The Gulf of Mexico Outreach Initiative (GoMRI) had a tall order to fill in response to the Deepwater Horizon oil spill: investigating, understanding and educating the public on the impacts of the oil, dispersed oil, and the dispersant on the Gulf of Mexico and affected coastal states. The knowledge gathered by the GoMRI is being applied to restoration and improving the long-term environmental health of the Gulf of Mexico.
Since 2010, GoMRI has supported more than 3,400 scientists who have contributed to more than 1,000 peer reviewed journals articles and around 2,000 publicly available databases. That’s a great deal of information to provide to a wide variety of audiences. Recognizing this, GoMRI has supported an active outreach program since its inception. GoMRI’s outreach plan includes a three-pronged approach: at the GoMRI level through through websites, web stories, social media, and newsletters, through partnerships, and at the GoMRI-funded research consortium level. One of these research consortia, the Alabama Center for Ecological Resilience (ACER) is headquartered at the Dauphin Island Sea Lab.
At the consortium level, Outreach Coordinators were tasked with communicating the broader impacts of the research, from research results to societal impacts, While each consortium developed their own unique outreach plan, outreach coordinators communicated regularly, sharing approaches, events and successes.
The GoMRI Outreach Coordinators are now sharing what they learned in nearly a decades time of working to engage audiences with other researchers looking to integrate or expand education and outreach efforts as a part of their research program.
In the August Limnology and Oceanography Bulletin, the article titled Recommendations for Science Outreach Program Development: Perspectives from the Gulf of Mexico Research Initiative Consortia provides seven recommendations researchers can apply if they are interested in developing or expanding their outreach program. The article was authored by Dr. Miller-Way (ACER), Sara Beresford from the Ecosystem Impacts of Oil and Gas Inputs to the Gulf (ECOGIG) consortium, and Katie Fillingham from the GoMRI Management Team.
In summary, those recommendations are:
1) Talk to outreach professionals preferably during proposal development and benefit from their experience,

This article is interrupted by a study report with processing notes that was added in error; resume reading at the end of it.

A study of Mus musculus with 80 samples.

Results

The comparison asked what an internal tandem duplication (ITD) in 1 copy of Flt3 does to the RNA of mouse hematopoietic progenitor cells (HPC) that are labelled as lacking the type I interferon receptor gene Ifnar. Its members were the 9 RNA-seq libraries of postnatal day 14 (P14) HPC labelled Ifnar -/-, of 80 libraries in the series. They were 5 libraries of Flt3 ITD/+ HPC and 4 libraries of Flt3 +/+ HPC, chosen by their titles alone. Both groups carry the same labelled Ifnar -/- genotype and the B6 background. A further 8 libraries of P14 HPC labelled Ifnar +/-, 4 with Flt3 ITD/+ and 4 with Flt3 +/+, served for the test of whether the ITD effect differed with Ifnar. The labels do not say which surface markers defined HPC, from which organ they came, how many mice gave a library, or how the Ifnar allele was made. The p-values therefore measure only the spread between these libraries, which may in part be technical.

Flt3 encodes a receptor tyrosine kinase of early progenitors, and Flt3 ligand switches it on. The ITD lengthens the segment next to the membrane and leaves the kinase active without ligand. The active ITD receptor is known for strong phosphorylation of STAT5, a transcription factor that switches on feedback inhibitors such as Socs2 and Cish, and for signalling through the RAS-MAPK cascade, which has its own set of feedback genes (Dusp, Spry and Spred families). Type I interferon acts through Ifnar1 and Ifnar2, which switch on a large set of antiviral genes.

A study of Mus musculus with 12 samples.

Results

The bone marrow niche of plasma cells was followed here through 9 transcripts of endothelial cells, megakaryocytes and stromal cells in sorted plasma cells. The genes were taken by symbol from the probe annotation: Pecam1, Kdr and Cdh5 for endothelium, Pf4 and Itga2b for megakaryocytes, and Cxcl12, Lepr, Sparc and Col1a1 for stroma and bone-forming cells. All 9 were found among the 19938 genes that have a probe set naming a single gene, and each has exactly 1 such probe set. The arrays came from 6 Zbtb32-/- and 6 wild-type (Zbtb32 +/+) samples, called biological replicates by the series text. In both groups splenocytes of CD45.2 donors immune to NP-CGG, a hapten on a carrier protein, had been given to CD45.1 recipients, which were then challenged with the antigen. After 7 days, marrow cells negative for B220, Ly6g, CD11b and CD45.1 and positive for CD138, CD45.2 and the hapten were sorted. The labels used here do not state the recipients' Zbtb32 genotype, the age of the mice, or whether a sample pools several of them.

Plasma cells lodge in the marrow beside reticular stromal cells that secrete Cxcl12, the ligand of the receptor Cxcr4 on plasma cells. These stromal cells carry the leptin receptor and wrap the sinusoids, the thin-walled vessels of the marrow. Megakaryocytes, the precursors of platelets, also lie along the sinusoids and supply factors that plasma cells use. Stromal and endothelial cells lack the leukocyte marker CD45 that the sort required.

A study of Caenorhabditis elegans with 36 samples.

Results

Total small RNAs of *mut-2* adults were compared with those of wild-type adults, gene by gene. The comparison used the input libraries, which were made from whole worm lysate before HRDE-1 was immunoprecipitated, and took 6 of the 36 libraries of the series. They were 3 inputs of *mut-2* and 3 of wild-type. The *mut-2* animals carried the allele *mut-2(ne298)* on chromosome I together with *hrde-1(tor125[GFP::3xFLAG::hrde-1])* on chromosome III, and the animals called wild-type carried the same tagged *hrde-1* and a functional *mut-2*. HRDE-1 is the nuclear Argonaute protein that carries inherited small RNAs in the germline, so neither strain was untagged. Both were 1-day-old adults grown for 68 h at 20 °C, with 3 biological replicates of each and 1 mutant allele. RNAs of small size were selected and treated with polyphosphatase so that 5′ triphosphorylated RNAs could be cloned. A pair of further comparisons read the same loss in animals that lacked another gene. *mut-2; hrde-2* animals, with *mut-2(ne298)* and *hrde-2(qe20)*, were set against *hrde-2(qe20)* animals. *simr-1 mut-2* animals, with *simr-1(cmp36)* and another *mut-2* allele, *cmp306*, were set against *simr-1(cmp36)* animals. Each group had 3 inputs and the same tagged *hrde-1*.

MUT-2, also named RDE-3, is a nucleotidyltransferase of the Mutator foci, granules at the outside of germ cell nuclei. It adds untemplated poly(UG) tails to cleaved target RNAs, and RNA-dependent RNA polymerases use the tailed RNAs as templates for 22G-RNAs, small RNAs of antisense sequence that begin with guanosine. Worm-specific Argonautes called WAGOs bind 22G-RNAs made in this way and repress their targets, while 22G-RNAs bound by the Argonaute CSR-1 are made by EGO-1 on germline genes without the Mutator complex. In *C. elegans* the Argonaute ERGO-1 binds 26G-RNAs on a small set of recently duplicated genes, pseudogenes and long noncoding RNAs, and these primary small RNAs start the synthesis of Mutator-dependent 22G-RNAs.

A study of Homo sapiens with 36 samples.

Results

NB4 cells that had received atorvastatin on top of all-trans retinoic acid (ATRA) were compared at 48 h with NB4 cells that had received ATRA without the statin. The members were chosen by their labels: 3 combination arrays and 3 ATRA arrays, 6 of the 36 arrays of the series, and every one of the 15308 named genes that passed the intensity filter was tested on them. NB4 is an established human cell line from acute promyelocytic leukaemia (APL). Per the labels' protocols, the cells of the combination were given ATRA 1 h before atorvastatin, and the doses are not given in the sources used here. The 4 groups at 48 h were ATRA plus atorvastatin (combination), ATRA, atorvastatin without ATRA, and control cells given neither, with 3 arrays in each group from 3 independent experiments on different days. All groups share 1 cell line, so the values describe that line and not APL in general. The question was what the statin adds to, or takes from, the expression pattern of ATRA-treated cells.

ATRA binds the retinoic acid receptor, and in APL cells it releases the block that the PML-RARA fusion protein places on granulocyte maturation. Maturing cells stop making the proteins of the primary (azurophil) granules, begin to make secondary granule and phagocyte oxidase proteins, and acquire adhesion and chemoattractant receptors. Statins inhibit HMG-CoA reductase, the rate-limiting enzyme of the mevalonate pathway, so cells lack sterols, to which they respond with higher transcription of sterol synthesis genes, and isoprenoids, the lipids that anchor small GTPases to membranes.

2) Clearly identify what the team will do and why – that is, be strategic and specific when developing the outreach plan,
3) Explicitly identify who the team is trying to reach with information and figure out the most effective ways to reach that audience,
4) Capitalize on the unique areas of research, skills, and relationships within the team,
5) Make sure the budget supports the outreach plan and recognize that social media is not free – it takes time,
6) Determine how the team will identify success during and not after the plan is developed, and
7) Communication is key – communicate regularly within the team and identify opportunities to communicate and collaborate with other outreach professionals.
Dr. Miller-Way and her colleagues feel that addressing these recommendations when planning an integrated research and outreach program would improve the effectiveness and efficiency of outreach efforts. She said “the group of GoMRI outreach coordinators have collectively reached thousands of individuals with hundreds of activities. We hope researchers looking to develop outreach plans benefit from our experience and the public better understands why scientific research is a critical process in today’s world.”
The article includes tips on how to implement these recommendations, and examples from GoMRI’s outreach work.
The article is being highlighted this month by Wiley, publisher of the Bulletin. Read the full article here.